Trying out new things can be intimidating. Remember when you first learned how to ride a bike when you were little? It took a few falls before you were able to take the training wheels off and ride freely. Karen Rinaldi, author of IT’S GREAT TO SUCK AT SOMETHING, gives you 5 questions to ask yourself when trying out something new.
My past is full of trial and error and failure. I have been down for the count while boxing. I flushed a tampon out of my body while waterskiing when my legs, instead of holding parallel, spread-eagled through the water, causing the cotton plug to lodge inside my one-piece bathing suit. I’ve barreled down snowy mountains without knowing how to stop and have had close calls while rollerblading and cycling and skateboarding. In spite of the bruises and awkward moments, I regret none of these efforts. And, while none compelled me to continue while sucking, I think some conditioning took hold for when I stumbled onto the real thing.
Most important, I didn’t need to commit to each and every thing that I ventured into. You don’t either. Pressuring yourself for commitment is just another obligation that moves you further from the freedom that sucking can bring. The point is to start something new with an open heart. Commitment will come or it won’t. The beauty of it is that when you let curiosity lead you to an undiscovered passion, you’ll find relief from having to excel and a welcoming community you didn’t know existed. Here are some prompts to get you started:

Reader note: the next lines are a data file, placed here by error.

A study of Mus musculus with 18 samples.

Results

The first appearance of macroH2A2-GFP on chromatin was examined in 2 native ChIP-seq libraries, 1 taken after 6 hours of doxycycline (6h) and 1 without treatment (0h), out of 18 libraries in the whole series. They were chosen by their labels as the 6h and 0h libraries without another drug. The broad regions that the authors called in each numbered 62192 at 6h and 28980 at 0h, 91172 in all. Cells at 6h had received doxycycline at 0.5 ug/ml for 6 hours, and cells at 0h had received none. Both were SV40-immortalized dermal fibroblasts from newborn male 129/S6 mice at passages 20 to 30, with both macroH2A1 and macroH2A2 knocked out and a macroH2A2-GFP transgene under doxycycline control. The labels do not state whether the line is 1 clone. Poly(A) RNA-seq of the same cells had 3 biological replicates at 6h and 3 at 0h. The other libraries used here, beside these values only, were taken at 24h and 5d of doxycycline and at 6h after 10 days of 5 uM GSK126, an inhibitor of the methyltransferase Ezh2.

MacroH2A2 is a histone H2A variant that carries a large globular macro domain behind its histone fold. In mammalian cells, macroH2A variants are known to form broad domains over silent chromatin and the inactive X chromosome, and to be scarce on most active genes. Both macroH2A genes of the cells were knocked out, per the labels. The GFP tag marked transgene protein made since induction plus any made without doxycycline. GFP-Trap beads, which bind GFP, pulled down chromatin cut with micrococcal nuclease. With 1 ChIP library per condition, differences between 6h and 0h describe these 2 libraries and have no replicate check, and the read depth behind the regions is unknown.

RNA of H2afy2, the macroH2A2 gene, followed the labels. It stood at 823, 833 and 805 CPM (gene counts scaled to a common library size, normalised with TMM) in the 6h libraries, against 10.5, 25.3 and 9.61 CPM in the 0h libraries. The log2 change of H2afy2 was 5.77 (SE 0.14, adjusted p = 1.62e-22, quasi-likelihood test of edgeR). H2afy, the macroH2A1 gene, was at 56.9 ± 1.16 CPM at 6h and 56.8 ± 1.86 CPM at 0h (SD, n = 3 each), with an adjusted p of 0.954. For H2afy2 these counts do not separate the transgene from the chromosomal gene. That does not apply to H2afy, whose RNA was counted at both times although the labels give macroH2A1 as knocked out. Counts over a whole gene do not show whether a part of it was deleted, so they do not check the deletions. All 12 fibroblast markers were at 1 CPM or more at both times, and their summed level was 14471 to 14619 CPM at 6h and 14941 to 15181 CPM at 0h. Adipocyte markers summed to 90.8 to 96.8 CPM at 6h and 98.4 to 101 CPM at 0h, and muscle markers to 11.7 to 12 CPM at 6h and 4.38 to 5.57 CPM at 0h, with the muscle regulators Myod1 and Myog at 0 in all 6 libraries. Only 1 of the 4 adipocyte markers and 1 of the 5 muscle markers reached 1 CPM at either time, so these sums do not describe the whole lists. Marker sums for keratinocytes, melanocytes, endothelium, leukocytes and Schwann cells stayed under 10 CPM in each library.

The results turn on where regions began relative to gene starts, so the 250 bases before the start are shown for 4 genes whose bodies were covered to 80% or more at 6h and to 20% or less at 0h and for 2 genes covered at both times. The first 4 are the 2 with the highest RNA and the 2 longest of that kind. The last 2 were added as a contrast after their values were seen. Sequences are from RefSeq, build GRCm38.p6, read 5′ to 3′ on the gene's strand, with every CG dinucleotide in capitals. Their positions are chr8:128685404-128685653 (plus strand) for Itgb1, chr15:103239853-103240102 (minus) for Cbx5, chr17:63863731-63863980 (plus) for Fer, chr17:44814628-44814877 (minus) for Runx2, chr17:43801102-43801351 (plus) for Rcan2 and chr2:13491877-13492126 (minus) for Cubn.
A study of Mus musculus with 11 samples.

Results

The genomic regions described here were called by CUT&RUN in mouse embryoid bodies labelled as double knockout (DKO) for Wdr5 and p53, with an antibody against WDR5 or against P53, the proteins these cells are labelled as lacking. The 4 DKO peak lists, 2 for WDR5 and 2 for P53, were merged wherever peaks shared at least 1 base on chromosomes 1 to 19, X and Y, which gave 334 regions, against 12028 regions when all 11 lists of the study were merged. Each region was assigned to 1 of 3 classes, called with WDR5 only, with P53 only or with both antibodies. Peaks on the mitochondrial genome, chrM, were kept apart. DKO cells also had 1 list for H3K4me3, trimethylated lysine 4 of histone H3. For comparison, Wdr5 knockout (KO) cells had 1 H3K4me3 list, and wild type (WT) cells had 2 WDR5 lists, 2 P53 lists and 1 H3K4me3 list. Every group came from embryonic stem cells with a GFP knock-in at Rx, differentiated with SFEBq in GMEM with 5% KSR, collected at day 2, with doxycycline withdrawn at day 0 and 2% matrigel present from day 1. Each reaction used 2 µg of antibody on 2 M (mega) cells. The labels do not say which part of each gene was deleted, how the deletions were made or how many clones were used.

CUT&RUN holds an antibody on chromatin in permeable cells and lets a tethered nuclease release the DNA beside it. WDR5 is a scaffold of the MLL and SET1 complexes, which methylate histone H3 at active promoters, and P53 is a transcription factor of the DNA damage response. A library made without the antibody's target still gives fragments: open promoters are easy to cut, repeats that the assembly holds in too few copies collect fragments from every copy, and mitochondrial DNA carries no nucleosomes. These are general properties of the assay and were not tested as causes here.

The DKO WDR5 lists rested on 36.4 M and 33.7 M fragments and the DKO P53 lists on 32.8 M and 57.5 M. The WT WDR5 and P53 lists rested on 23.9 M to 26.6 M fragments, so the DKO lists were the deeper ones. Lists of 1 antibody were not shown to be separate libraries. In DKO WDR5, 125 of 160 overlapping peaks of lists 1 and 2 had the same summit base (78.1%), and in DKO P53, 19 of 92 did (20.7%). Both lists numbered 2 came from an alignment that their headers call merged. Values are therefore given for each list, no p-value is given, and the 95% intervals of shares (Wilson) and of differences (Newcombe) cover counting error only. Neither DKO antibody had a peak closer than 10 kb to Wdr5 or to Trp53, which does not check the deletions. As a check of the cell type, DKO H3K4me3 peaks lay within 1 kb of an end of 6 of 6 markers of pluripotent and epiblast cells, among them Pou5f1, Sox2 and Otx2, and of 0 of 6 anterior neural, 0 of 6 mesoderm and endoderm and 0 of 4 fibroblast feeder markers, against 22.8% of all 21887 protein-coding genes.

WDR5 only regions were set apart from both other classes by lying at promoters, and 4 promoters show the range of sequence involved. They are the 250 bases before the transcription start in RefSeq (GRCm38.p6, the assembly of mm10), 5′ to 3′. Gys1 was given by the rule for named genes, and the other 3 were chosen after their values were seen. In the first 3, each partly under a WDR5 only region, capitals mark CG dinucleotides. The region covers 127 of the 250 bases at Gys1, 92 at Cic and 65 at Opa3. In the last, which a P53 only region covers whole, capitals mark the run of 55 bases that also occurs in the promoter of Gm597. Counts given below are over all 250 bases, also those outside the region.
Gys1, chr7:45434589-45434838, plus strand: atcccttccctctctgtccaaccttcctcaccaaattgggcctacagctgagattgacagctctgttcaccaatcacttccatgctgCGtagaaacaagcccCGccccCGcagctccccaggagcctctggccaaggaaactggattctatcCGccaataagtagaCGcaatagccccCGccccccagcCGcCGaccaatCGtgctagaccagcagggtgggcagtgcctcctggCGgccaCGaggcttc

- What did you want to do when you were a child but were too afraid to try or didn’t try because someone told you—“oh, you’d never be good at that . . .”?
- What is it you see some people doing and think, “If only I could do that!”?
- What terrifies you? Does conquering that fear compel you?
- Answer this question: If I could leave my job right now, where would I go and what would I do? (I’m not prompting you to irresponsibility; rather, suspending obligation for a moment might free your mind to wander into unchartered territory.)
- When you are scanning the magazine rack at the airport or bus depot, which do you secretly want to buy and read, but don’t feel that you should because you don’t really do that stuff?
A few words of caution: Keep it from becoming transactional. If you are going to start throwing pottery or knitting macramé, don’t get caught up in the investing in that cute little storefront to sell it. If you want to write poetry, forget—at least for now—getting published. If you want to sing, don’t start auditioning just yet. If you love Scrabble, the national championship is not where you set your sights, but rather concentrate on making pointy words when playing against your not-so-clever aunt or know-it-all nephew. One thing is abso-fucking-lutely true: you will never be the best at any of these things, so best to get over it now. Let me help.
Learn more about trying new things in IT’S GREAT TO SUCK AT SOMETHING by Karen Rinaldi!